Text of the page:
There's an old New Yorker cartoon that shows a class of art students busy drawing from life. The pictures on their easels all look like Picassos, full of strange angles and corners and cubes -- but then, so does the live model shown standing in front of them. That's the world as shown to us by American photographer Aaron Siskind, who died in 1991 and whose 100th birthday fell last year. His photos riff on all the great innovations of modernist fine art by finding parallels for them out in the world. The elegant forms of biomorphic abstraction, the strange juxtapositions of surrealism, abstract expressionist mess -- all are hunted down and captured by Siskind's roving lens.
The Phillips Collection, following on the many anniversary celebrations that began last year, has assembled a sampling of 46 of the artist's stunning black-and-white prints, mostly on loan from the Aaron Siskind Foundation. All of them are elegant, appealing works, very easy on the eyes. Only a few, however, have the raw creative energy of the fine-art models they take off from.
A series of spare images of single threads of seaweed resting on sand, taken in the 1940s, is as graceful as any of Hans Arp's kidney-shaped forms. They have the sinuous energy of a drawing by Paul Klee or Joan Miro.
The surrealists believed in the power of the accidental. Art would be transformed, they felt, if only it would embrace the beauty of "the chance encounter of a sewing machine and an umbrella on an operating table," as their famous tagline put it. Siskind captures just this kind of glimpse of the uncanny in one of his most famous images, titled "Gloucester 1H," shot in 1944. An empty work glove, sitting on weathered wood, seems to beckon us closer, or maybe warn us off.
Siskind doesn't have to build an artificial world of melting clocks or apple-headed men. He doesn't even have to set shots up, as most surrealist photographers preferred to do. He can find animated gloves giving disembodied greetings just by scanning reality with his camera.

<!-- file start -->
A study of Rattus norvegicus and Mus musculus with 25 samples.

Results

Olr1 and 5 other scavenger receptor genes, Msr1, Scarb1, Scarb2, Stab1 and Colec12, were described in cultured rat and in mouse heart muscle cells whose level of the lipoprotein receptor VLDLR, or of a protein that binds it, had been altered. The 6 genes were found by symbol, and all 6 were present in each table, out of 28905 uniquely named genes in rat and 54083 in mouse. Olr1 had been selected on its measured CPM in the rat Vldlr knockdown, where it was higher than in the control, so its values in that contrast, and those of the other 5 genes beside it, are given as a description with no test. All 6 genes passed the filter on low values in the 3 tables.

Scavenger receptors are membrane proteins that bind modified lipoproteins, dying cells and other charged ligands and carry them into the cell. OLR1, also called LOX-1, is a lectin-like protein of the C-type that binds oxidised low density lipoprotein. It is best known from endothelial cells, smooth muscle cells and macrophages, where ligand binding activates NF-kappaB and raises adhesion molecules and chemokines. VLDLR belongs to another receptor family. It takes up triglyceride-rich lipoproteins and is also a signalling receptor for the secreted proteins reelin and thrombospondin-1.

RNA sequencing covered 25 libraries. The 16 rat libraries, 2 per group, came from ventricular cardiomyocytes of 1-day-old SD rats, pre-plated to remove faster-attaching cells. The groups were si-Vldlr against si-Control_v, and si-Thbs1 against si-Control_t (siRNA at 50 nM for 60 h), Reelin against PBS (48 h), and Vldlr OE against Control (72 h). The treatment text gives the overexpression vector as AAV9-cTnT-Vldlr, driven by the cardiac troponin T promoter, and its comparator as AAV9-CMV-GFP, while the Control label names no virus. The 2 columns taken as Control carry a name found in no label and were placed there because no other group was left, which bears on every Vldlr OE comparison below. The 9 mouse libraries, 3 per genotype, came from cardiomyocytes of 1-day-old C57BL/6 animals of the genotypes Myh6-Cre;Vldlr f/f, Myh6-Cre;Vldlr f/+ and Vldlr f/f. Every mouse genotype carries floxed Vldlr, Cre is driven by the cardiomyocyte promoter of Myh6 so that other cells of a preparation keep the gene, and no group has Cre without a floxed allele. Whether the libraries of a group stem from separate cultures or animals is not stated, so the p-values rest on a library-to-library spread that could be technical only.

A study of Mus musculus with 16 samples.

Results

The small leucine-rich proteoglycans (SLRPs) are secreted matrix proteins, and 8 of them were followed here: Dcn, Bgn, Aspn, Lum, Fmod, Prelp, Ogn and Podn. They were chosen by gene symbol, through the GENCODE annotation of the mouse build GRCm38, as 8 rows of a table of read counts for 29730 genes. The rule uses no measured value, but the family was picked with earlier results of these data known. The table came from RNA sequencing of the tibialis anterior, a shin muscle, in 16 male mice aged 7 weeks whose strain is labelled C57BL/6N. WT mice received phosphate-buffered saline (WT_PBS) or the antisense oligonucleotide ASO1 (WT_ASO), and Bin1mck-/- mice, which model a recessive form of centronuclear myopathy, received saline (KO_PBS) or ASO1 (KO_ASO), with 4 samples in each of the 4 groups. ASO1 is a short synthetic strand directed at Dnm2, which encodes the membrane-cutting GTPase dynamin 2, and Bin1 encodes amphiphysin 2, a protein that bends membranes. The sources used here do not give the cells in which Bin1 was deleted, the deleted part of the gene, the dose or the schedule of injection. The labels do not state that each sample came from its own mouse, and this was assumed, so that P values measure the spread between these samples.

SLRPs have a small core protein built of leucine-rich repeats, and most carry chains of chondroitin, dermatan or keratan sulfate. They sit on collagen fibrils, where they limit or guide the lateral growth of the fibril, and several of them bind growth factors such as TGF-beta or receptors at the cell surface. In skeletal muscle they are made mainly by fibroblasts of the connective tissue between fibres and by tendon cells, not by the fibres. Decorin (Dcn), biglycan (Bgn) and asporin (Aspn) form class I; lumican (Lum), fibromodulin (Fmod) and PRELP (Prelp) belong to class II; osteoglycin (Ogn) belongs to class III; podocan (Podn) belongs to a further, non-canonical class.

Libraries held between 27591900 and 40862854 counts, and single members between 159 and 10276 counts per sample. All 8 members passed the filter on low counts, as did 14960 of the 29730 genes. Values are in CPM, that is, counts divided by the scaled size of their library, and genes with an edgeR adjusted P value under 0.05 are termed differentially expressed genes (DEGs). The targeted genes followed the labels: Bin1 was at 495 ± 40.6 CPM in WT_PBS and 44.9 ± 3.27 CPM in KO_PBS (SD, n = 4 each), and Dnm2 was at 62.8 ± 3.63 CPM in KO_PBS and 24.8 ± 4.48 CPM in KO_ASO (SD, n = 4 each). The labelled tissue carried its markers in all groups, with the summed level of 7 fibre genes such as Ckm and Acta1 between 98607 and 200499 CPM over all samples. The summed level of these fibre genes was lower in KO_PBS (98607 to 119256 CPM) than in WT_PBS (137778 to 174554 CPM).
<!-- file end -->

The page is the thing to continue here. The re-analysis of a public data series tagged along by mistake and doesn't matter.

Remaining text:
Siskind shows how even the discombobulations of collage, one of the most cherished and fertile inventions of modernist fine art, are out there for the asking. In 1951 in North Carolina, torn posters gave Siskind the chance to show a woman's naked legs sitting between the words "IN" and "AND," and all he had to do was point his camera at the wall and snap the shutter.
Siskind finds Henry Moore buttocks and breasts among the rocks of Martha's Vineyard. He even finds an analogue to Victor Vasarely's op art dots and angles painted on some shingles in Bahia.
And, in his heyday in the 1950s, he famously finds abstract expressionist scribbles and daubs everywhere, but everywhere, he looks. His "Jerome 21" (1949) is all Clyfford Still: He spots that artist's masses and voids, his ragged triangles and fractured surfaces, in a patch of peeling paint in a small town in Arizona. His famous "Gloucester 1" is a Cy Twombly scribbled blackboard painting, discovered lurking on another scarred wall in small-town U.S.A.
The problem with all this -- if we can bring ourselves to notice problems in such pleasing imagemaking -- isn't that Siskind's art is derivative. A number of his pictures, such as that Twombly-ish "Gloucester 1" from 1944, arguably predate the painted art they seem to echo. The problem is that by virtue of being photographs, Siskind's images lose the made-from-scratch creative punch that the best modernism had. How radical can something be, after all, if it's been in the world around us all along, just waiting to be caught on film?
Siskind's photos argued, in a sense, that if we looked hard enough, we'd find modernist abstraction all around us for the asking. Modernism wasn't some crazy artist's arbitrary innovation, after all. It was just another aspect of the same world artists had been portraying since the Renaissance. Radical modern style becomes a kind of old-fashioned realism: In Siskind's camera-wielding hands, it's a depiction of reality, rather than a back turned to it. Which means those hands have also tamed something that once was wild.
Aaron Siskind: New Relationships in Photography is at the Phillips Collection, 1600 21st St. NW, through Sept. 5. Call 202-387-2151 or visit www.phillipscollection.org.